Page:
Companies must act on reconciliation: ACCC

Maeve BannisterAAP
Reconciliation Australia became aware of a $50 million penalty imposed on Telstra via the media.
Camera IconReconciliation Australia became aware of a $50 million penalty imposed on Telstra via the media. Credit: AAP

Australia's peak body for Indigenous reconciliation has revealed Telstra failed to inform them about the unconscionable conduct investigation undertaken by the consumer watchdog into its sales practices.

Reconciliation Australia representatives told parliament's Indigenous affairs committee they first became aware of the $50 million penalty imposed on Telstra via the media.

In November 2020 Telstra admitted to breaking the law and using unfair tactics to sell post-paid mobile services to 108 Indigenous customers who couldn't afford contracts.

Reconciliation Australia CEO Karen Mundine told the committee they had expected Telstra to be "open and honest" especially since the company had been considered a leader in reconciliation through their Elevate Reconciliation Action Plan.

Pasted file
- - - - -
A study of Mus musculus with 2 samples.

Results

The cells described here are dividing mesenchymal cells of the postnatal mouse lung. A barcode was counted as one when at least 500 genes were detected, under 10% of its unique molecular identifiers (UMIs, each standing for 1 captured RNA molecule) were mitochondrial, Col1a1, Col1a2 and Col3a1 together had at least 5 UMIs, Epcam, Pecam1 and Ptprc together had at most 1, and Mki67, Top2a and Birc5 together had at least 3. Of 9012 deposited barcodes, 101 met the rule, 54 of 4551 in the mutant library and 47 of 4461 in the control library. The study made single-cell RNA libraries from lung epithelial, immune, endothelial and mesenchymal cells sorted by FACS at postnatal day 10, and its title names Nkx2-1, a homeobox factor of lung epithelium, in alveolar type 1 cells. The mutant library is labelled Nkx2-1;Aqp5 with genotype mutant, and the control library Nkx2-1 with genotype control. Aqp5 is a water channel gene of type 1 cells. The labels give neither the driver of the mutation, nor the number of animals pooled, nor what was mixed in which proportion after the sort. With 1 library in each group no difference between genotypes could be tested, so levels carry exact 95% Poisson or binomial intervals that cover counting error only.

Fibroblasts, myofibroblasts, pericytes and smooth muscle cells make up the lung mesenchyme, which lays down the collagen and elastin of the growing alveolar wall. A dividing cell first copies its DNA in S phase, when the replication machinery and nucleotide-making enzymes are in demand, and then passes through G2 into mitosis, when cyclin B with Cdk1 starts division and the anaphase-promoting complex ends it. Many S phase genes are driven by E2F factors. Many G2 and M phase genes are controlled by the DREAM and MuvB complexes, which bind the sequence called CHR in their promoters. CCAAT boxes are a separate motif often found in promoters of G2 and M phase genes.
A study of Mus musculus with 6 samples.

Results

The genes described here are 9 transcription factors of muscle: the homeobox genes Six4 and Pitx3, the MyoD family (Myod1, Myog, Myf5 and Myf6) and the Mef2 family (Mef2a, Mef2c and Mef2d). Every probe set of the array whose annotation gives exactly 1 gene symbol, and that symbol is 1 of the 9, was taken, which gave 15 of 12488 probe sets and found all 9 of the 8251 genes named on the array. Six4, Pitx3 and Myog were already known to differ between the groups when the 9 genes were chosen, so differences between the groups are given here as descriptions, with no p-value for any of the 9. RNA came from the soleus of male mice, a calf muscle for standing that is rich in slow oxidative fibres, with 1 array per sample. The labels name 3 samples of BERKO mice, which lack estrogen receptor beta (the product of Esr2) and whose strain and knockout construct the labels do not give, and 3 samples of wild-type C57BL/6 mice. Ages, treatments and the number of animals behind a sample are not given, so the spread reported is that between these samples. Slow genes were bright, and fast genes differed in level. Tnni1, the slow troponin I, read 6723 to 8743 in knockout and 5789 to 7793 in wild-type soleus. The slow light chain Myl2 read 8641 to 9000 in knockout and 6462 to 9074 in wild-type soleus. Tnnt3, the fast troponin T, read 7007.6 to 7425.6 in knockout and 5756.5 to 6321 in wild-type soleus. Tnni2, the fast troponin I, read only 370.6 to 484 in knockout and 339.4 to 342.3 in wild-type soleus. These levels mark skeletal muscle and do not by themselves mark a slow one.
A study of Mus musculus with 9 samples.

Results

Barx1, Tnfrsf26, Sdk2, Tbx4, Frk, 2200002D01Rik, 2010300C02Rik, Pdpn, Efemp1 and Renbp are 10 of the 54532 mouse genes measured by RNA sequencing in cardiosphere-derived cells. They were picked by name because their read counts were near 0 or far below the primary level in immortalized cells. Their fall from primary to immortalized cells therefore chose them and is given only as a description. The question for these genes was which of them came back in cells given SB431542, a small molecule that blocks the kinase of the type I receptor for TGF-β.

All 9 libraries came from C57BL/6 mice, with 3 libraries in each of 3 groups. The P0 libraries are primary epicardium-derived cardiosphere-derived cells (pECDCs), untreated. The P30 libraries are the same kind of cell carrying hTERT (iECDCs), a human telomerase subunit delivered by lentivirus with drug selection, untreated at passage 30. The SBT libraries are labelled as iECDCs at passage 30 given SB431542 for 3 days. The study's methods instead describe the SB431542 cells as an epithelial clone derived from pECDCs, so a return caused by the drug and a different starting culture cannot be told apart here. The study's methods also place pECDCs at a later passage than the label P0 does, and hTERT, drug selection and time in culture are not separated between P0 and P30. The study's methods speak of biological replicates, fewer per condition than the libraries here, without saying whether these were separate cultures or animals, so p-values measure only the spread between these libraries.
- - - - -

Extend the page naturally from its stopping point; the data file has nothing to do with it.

"We decided both the actions of Telstra through the complaint process and their failure to engage with us did not meet the expectations of the Elevate RAP and so it was disendorsed," she said.

It is only the second time Reconciliation Australia has taken such strong action to disendorse an organisation.

In a submission to the committee, the consumer watchdog said RAPs can help drive positive business practices but the Telstra case reinforced the need for the corporate sector to listen to and understand consumers.

"The Telstra example shows just because a company has a RAP, it doesn't mean there is a benefit for Indigenous consumers," ACCC consumer and compliance general manager Richard Fleming told the committee.

"It needs to be put into action."

The consumer watchdog is seeking to stamp out dodgy door-to-door selling practices in remote Indigenous communities.

The commission said the unsolicited sales of goods and services - particularly door to door sales - has led to extremely poor outcomes for Indigenous Australians.

Director Michael Dowers told the committee after the launch of an ACCC program empowering Indigenous communities to know their consumer rights there was a "significant reduction" in the number of businesses visiting those communities.